In Surfaces & Essences, Hofstadter talks a lot about abstraction. Adults abstract more than children. For evidence, take the Tower of Hanoi game: move the stack to another peg, moving one disk at a time and never putting a bigger disk atop a smaller disk. It takes 7 moves for 3 disks.
When 8-yr-old children solve this puzzle, they often take many more moves, because they impose on themselves another restriction: move the disks one peg at a time. They never move the disk directly from the left peg to the right peg.
When thinking about journeys, adults abstract them to a state change. I was in St. Louis, now I’m in Kansas City. Kids don’t separate that from the trip. Did we stop at McDonald’s in Kingdom City or Cracker Barrel in Columbia? To a kid, there is no going to Kansas City without these details.
Data takes journeys through our code. We can concern ourselves with the details of getting from here to there — instantiate the new structure, populate it in a for-loop — or we can declare where we want to end up and let the internals handle the rest — calling filter or map on a sequence.
Some people find the details of the journey to be the interesting part of programming. Run a tiny bit faster, or in half the memory, or memoize certain bits. I’m glad these people exist, so they can write libraries and I can use the libraries and ignore all this most of the time.
Stating the end result, and not the means of getting there, is what Bret Victor calls “goal-based programming.”  I call it declarative style. This is a tenant of functional programming.
But there’s a catch! Sometimes the kids are right, and the journey is important.
Take that trip from STL to KC. If I abstract the trip to a simple location change, me.inKC(), am I missing something important?
Maybe. If I took the bus or the train, then I can take the same trip over and over, and it doesn’t make a difference to anybody. No matter how many times I take the bus to KC, I’m in KC. The process is idempotent: calling it once is the same as calling it over and over. But if I came by car, and got a speeding ticket, there’s a side effect! Do that four times and I’m going to jail in Boonville.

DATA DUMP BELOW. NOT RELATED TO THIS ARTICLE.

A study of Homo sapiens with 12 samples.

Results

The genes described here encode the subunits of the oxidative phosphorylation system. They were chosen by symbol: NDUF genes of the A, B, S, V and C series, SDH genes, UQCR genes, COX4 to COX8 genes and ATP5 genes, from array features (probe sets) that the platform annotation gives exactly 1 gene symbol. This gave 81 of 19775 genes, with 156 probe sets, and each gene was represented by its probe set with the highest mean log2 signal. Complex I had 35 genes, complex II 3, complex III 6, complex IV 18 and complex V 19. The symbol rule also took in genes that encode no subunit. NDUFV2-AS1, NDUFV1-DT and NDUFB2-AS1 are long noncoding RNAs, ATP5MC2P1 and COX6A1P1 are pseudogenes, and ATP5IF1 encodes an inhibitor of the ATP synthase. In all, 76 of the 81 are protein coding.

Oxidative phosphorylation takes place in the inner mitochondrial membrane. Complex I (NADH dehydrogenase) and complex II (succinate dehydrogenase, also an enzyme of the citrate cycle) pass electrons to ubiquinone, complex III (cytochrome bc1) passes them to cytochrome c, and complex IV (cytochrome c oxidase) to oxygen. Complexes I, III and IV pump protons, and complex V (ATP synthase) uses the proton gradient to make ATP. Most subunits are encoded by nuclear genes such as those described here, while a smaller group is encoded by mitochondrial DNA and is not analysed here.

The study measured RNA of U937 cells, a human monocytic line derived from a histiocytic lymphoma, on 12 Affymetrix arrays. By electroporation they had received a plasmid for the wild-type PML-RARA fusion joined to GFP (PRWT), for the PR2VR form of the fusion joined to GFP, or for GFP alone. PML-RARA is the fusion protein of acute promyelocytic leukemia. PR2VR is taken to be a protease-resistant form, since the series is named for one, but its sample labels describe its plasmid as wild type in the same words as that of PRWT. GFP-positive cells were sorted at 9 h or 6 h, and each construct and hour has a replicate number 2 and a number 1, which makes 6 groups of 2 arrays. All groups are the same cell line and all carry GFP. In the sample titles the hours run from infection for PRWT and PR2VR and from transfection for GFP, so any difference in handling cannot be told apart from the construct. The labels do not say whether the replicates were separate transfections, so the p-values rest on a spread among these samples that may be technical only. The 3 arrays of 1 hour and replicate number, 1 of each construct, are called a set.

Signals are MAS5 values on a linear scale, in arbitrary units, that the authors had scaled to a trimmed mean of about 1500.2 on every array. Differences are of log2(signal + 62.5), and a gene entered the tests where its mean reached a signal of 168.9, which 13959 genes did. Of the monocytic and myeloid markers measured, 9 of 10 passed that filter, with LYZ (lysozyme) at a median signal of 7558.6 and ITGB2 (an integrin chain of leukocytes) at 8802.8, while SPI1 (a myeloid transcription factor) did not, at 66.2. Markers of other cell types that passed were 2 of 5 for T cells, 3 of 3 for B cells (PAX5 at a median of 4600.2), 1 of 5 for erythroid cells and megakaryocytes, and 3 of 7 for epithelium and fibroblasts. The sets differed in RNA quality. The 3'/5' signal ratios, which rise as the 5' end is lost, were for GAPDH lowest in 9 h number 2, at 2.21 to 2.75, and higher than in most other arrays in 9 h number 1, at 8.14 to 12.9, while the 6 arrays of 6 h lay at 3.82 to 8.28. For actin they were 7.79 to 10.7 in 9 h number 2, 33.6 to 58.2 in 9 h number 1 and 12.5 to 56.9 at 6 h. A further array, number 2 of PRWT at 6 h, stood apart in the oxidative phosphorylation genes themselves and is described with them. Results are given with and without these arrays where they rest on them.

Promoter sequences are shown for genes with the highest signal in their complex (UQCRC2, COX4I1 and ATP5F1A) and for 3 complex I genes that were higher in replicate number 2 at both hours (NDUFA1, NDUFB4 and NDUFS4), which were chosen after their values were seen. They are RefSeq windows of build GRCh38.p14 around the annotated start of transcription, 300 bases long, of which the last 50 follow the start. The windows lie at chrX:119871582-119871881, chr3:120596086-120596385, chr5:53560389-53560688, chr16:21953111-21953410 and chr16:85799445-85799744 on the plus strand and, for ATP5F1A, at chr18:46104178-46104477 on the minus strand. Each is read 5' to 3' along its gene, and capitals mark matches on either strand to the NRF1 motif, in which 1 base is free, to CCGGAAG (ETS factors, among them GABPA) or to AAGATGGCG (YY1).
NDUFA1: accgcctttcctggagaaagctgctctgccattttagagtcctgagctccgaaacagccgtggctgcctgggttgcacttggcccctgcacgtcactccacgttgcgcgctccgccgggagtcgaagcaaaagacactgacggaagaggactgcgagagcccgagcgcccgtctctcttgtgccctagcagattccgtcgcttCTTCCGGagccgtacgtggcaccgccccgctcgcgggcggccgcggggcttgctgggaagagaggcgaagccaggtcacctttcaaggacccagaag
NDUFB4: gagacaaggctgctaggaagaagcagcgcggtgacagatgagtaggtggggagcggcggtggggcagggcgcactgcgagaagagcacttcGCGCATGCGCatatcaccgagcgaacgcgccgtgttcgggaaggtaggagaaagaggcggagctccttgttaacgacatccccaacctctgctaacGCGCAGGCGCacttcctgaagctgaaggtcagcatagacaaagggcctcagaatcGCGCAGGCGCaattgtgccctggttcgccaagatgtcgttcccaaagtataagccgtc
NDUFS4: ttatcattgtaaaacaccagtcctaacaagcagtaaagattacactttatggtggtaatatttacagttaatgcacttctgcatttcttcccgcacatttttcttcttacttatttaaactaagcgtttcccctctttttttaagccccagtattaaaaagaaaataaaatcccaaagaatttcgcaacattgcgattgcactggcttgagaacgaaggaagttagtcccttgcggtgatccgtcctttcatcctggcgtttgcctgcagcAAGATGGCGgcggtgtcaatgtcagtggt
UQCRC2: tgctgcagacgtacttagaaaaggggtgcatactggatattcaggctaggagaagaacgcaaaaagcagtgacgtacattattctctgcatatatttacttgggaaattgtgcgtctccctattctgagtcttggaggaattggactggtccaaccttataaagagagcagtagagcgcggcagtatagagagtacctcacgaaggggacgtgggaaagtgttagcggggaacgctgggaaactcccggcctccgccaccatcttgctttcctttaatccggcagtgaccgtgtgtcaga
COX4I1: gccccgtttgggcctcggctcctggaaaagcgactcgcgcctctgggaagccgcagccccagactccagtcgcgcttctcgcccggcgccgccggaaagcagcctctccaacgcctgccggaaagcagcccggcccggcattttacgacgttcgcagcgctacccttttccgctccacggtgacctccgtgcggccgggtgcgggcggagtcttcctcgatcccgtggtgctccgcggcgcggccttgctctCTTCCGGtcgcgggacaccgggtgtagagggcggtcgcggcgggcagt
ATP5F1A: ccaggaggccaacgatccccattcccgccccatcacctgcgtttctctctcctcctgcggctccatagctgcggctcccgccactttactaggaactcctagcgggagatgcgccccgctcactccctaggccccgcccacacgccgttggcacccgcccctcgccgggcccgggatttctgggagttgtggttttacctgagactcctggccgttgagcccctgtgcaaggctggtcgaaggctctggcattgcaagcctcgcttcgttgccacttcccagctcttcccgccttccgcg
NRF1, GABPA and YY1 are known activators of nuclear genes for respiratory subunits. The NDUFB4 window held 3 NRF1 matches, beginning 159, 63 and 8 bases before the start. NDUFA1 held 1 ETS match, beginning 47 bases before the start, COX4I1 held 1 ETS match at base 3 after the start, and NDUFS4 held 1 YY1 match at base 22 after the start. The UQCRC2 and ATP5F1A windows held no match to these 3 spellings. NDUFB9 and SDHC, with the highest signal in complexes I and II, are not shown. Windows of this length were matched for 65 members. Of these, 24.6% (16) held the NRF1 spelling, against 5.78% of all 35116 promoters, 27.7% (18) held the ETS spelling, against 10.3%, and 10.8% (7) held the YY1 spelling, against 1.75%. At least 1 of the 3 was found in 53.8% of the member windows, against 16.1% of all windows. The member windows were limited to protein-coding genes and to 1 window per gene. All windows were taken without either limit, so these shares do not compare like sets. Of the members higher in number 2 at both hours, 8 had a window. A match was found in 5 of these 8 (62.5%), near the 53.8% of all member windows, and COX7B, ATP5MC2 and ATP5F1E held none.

Or what if I implemented the journey as “drive 200 miles west”? Then the outcome would depend on my current location. me.inKC().inKC() would return me in Hays, KS. In this case, the journey is not referentially transparent. The output of the function depends on something other than its input, so the result isn’t the same every time it’s called. (yes, I’m stretching the metaphor in questionable ways. Be amused.)
Therefore, the journey — the “how” — can be implemented in a way that it matters, or in a way that it doesn’t. If an algorithm writes to the log or the database, such that how many times it’s called affects the world, then we have to care about it. If the code reads from the database or other global state, then it won’t do the same thing every time and we have to care about it.
We choose how to implement our journeys. We can keep them well-behaved: we can take public transit and specify the destination. That way we can leave the details behind the scenes; my travel agent can book a bus or a train, whatever’s cheaper that day, because all that matters is at the end of the journey I’m in KC. This leaves both me (the writer of code) and future-me (the reader of code) with more mental space to spend on why I’m in KC, and what to do once I’m there.
As @runarorama once said: “Write it functionally. Like an adult.”
 Surfaces & Essences, Analogy as the Fuel and Fire of Thinking. I don’t recommend the book; it’s incredibly slow. Follow me on twitter instead.
 Bret Victor, The Future of Programming.